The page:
The Night Owl Session at the Bled Strategic Forum delved into gender equality in the context of climate change and explored ways of how to make women agents of change by improving their participation in society and political decision-making. The debate, focusing on hard data and individual stories, showed there has been positive change, but equality is still a remote prospect.
Gender equality was presented from diverse perspectives as panellists talked about women in India, Morocco and Benin, migrant women in the United States, politics in Kenya and diversity at the highest level of decision-making.
Ms ElsaMarie D’Silva, Founder and CEO of the Red Dot Foundation in India, said the point was to create a “resilient and inclusive future”. As things currently stand, inequality is on the rise and people are being left behind, with women disproportionately affected. “We often don’t think about it because there’s no data and statistics about it, and as a result it becomes an invisible problem.”
Ms DSilva presented statistics on India, some of which show it to be the most dangerous country in the world for women. By many other indicators it is towards the bottom of the rankings – mostly due to gender equality, she said, speaking about the “overall low status of women, which constitutes an unfair playing field and then translates into many forms of violence.
Ms Cecilia Barja, a community organizer and writer from Bolivia who lives and works in the United States, spoke about the concept of “nanopolitics”, by which she meant reaching out to people individually as opposed to a bigger polity.
Recounting her experience with an immigrant woman, who would not engage with politics until she was finally approached on her terms, Ms Barja said that “sometimes we’re trying to achieve change through what seems like the right agenda, but it is not necessarily right for the people”.
Ms Elizabeth Maloba from Kenya, Change and Growth Facilitator at the Global Diplomacy Lab, brought racism into the equation, recalling how she once had a conversation about how locals in Kenya should not be trusted with managing wildlife, while in fact rich Westerners are the one killing wildlife in her country.
Ms Maloba said she refused to react like an “angry black woman” and challenged the public to say how they would react. When one participant asked her why she did not react like an angry white woman since she had every right to do so, she said that “I am afraid if I am an angry black woman, we will lose sight of the issues.”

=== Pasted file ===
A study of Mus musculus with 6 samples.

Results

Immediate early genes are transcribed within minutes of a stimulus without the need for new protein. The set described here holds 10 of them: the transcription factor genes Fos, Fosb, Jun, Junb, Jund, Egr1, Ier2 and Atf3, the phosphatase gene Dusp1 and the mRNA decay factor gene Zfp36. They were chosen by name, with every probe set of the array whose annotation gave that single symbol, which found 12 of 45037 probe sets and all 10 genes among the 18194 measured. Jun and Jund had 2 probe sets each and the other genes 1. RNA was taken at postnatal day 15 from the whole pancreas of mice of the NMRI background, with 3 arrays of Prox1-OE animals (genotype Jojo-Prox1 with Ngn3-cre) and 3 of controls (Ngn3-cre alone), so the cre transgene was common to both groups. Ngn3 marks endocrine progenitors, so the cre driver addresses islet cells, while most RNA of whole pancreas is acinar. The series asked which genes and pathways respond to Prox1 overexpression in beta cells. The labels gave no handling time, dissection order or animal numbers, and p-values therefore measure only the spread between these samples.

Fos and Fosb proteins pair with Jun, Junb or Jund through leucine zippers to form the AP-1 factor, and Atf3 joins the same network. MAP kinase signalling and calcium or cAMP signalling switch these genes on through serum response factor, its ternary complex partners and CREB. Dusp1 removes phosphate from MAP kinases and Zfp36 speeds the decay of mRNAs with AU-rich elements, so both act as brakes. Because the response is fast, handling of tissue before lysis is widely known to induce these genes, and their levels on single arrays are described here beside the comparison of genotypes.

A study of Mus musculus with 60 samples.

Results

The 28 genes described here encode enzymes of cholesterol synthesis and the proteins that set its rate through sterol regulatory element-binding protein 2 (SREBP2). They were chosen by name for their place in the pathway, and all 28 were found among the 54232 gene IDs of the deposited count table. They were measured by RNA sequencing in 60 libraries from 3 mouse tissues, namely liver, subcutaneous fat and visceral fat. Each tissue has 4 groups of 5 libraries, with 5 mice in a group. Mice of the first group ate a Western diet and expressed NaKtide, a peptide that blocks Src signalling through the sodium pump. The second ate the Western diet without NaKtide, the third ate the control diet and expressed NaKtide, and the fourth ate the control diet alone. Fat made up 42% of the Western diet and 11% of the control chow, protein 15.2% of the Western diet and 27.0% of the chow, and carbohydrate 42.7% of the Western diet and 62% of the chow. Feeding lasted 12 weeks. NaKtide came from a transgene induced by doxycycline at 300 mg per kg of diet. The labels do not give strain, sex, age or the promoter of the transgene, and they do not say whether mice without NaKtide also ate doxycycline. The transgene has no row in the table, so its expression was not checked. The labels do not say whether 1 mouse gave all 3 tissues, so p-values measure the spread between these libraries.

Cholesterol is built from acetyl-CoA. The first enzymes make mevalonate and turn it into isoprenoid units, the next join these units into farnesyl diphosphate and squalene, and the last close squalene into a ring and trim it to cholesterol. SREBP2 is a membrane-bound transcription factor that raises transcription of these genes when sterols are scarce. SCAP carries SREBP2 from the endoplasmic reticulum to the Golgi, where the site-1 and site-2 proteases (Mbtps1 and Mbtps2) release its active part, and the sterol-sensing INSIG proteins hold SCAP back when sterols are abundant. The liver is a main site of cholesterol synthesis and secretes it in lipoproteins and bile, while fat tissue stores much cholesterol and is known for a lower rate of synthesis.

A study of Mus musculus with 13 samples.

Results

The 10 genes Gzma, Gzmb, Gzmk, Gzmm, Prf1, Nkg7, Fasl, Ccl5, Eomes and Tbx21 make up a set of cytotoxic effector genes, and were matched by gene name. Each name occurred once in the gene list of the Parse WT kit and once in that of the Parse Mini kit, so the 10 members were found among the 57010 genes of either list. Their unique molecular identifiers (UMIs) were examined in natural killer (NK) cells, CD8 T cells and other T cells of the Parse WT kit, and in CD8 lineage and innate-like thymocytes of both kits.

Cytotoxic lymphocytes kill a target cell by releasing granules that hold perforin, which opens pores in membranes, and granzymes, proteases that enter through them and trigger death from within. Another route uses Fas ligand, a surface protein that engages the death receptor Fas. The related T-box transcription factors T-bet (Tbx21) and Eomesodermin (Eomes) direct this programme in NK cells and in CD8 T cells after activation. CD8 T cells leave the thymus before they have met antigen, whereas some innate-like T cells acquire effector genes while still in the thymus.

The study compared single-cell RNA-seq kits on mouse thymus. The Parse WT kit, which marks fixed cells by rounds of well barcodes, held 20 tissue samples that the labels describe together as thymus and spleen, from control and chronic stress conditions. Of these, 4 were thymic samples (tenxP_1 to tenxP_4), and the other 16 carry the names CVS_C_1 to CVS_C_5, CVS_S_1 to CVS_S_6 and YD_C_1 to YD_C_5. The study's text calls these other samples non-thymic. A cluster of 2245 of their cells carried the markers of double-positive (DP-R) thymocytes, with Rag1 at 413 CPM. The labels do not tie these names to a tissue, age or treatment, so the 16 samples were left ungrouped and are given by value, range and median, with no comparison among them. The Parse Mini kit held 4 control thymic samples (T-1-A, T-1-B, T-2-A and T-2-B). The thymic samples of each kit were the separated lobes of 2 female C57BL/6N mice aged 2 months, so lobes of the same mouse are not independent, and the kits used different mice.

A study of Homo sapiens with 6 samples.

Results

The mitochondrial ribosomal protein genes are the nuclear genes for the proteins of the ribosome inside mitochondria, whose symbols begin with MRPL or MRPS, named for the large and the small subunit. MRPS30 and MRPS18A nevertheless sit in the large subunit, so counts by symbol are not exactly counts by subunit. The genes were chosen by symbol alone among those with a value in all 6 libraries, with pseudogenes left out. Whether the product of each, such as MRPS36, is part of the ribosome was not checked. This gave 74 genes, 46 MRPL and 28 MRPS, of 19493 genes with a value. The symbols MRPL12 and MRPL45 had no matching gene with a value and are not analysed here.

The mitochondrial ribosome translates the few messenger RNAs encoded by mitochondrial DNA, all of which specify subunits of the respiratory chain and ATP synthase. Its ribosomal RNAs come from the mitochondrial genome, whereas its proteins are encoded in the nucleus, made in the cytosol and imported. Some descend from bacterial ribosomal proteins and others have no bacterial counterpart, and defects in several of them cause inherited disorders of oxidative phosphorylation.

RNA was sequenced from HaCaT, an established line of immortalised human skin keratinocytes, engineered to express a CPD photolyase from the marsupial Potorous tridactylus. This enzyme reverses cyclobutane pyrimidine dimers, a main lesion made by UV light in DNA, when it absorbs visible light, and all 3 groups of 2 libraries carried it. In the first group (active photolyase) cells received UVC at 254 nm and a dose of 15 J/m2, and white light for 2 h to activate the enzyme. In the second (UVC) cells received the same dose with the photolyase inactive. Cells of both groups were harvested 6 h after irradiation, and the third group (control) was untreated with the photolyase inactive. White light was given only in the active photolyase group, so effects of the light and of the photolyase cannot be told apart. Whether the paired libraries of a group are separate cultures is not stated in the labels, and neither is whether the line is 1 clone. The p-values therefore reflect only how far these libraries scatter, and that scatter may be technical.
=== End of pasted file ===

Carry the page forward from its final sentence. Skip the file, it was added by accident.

Ms Badria Zeino Mahmalat, Project Manager of the Get involved! Project in Morocco, spoke about how her project promoted gender equality in Morocco and Benin as she argued that gender equality is closely connected to climate change.
She said the project aimed at empowering women to support the democratic transition in both countries. The aim is to sensitise men to have women in leadership positions and help young women advance in their political parties.
Ms Lilla Judit Bartuszek, Relations Officer at the V4SDG in Hungary, explored how influential people such as Facebook executive Sheryl Sandberg and former First Lady Michelle Obama can leverage their influence to promote gender equality. While acknowledging that they can indeed wield their power for good, she noted that their activities may also come across as hypocritical.
As the sole male panellist, Mr Ivan Nikolovski, Junior Researcher at the Institute for Democracy “Societas Civilis” in North Macedonia, spoke about the situation in his country, which he said did not have a very positive record in involving women in decision-making.
But he also took a broader look, to the EU level and the global leadership, arguing that by excluding women from decision-making processes, they are prevented from participating in very important issues such as climate change. “Research shows that if women had been involved, they could have contributed more,” he stressed.